Update: As of Feb. 28, 3pm ET, MissionFound.com was back online.
As I write this, the MissionFound website is down, thanks to a widespread Amazon Simple Storage Server (Amazon S3) outage. Amazon S3 is the cloud server that hosts MissionFound.com.
When I went to MissionFound.com, this is what I saw:
I first panicked, thinking I accidentally broke it.
But after investigating on Twitter, I realized it is the internet that is broken:
— TNW (@TheNextWeb) February 28, 2017
— Fernando (@fmc_sea) February 28, 2017
Amazon S3 is down and the internet is burning pic.twitter.com/PZ6sU54UK6
— Donovan McDabb (@govinbhai) February 28, 2017
That moment when you realize the whole internet runs on Amazon S3!!! ???? pic.twitter.com/UD6XhVKoDp
— Hashnode (@hashnode) February 28, 2017
This got me thinking about the websites of ministries, churches and nonprofits.
What if someone mistakenly deletes, moves or wrongly edits a file in your root directory and your site disappears?
What if (like MissionFound is experiencing today), your server goes down and no one can access your website?
What if your website is hacked?
While I wait for Amazon S3—and the MissionFound website—to come back up, I created these tips for how ministries, churches, nonprofits and Christian-based businesses can protect their websites:
1. Back up your site daily. This way, if something goes seriously wrong, you can restore your website from the latest backup. If you’re making lots of changes in the root files, it’s wise to create a backup before each change.
2. Communicate about your site’s status. If your website is down, use your social channels to alert people to the fact that they won’t be able to access your site and why. Let them know you’re working on the issue and will post another update when you can.
— MissionFound (@MissionFound) February 28, 2017
S3 is experiencing high error rates. We are working hard on recovering.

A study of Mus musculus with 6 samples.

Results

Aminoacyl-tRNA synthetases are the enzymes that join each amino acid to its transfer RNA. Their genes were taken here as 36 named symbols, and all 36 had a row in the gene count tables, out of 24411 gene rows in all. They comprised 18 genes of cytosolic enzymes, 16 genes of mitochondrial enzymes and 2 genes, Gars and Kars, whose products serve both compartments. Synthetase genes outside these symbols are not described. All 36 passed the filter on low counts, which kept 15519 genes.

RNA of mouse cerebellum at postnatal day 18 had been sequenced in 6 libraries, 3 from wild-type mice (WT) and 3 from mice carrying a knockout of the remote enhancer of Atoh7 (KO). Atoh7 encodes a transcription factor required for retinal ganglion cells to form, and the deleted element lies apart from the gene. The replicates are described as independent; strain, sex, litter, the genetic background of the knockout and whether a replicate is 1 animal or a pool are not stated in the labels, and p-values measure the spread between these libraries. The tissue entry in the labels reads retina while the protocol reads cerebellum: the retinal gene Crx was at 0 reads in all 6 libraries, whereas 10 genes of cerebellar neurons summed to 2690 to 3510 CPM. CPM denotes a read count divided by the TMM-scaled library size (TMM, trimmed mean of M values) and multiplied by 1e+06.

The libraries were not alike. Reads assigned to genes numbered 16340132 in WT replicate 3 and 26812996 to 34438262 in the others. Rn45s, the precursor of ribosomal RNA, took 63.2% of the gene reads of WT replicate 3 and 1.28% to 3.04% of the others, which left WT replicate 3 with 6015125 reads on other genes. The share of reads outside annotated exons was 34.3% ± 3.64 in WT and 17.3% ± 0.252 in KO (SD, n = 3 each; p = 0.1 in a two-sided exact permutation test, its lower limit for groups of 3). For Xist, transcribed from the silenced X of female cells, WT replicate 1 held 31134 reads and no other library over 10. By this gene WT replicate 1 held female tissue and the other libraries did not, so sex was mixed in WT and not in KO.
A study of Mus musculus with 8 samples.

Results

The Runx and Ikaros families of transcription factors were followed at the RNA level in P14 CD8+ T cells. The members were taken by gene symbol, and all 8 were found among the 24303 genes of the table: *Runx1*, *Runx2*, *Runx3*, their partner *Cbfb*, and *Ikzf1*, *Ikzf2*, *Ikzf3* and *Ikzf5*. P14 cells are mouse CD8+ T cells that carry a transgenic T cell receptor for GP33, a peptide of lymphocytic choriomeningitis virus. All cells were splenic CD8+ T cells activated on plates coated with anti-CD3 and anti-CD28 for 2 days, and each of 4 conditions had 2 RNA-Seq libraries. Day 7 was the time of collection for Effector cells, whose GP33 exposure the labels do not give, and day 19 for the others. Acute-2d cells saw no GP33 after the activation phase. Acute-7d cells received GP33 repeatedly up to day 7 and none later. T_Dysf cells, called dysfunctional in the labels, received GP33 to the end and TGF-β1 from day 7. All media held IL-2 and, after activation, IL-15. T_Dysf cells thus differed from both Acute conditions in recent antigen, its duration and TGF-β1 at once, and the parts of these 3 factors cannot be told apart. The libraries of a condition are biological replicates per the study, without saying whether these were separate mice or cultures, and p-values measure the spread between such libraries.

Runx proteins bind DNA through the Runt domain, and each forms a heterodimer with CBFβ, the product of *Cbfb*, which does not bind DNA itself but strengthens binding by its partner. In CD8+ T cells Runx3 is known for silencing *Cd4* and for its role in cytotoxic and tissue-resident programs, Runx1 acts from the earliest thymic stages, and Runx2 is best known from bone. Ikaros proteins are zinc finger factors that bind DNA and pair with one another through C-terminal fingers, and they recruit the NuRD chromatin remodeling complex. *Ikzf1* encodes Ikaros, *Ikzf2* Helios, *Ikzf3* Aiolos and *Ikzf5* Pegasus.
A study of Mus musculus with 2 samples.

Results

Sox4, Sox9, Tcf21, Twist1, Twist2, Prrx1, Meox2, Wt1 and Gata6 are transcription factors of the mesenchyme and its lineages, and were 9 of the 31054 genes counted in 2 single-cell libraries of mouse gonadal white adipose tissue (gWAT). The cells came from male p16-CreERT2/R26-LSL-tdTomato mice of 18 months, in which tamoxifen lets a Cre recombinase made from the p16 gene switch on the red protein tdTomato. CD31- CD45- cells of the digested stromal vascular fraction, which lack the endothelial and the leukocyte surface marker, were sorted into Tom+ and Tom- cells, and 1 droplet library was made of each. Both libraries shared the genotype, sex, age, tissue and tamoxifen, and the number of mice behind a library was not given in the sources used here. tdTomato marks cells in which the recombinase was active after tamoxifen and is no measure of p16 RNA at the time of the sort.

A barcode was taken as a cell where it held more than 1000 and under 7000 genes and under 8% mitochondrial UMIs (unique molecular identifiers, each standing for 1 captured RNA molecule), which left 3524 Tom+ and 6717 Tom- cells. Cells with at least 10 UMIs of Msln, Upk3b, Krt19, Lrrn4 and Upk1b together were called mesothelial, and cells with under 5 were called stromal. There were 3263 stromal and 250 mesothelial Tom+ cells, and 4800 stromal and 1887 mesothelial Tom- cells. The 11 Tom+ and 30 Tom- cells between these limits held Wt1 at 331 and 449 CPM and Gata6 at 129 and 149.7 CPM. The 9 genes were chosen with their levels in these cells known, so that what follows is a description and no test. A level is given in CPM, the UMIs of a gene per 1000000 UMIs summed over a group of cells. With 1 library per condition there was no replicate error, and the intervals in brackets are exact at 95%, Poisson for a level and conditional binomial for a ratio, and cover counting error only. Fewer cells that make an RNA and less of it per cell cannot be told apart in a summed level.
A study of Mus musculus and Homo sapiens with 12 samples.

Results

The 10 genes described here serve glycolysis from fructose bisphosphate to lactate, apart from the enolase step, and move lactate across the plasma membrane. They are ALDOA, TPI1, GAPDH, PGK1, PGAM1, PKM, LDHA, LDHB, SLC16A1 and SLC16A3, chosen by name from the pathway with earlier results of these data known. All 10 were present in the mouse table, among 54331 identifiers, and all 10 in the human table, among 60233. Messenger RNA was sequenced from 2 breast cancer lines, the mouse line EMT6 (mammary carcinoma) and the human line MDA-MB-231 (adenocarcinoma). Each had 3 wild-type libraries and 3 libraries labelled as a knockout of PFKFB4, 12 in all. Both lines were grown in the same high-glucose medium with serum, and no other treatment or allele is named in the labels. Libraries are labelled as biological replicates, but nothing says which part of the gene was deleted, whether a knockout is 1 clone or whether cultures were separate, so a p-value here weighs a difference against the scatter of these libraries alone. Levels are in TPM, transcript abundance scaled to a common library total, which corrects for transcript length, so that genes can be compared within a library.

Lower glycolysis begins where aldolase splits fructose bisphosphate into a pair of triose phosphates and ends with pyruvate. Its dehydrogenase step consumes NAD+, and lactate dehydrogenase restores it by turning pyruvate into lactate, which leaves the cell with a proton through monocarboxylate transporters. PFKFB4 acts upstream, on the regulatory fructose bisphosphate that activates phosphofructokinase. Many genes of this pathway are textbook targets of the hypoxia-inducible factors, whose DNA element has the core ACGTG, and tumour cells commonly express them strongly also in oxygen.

— Amazon Web Services (@awscloud) February 28, 2017
3. Allow only experienced people to edit root files. If someone on your team doesn’t know their way around an .htaccess file (or any file within the root directory, for that matter), please call a professional and hire them to help you. I tend to feel about matters of web management that the old adage is true: you get what you pay for. If you think it’s expensive to hire a professional, think about how much more expensive it could be to hire an amateur. Make sure things are done correctly.
4. Web hosts matter—choose a great web host. (Though I say this, and MissionFound’s website is down because of the host!) Nevertheless, a good host will work with you to diligently protect and restore your site and offer great customer service. Again, when it comes to web hosts, I tend to believe that you get what you pay for.
5. Keep everything updated. Make sure your website’s themes and plugins are always updated. Hackers use outdated themes and plugins to find backdoors into sites.
6. Install a security plugin. Applications like Sucuri or Wordfence offer firewalls to protect against threats and can scan for malware.
It doesn’t take much work to protect your website, and doing so before something happens can save a lot of headaches and money.
Yet, for all the protecting and backing up you do in advance, you can’t protect against everything (30 minutes after I started this post, MissionFound’s host and website were still down). Do your due diligence, and trust God for the rest.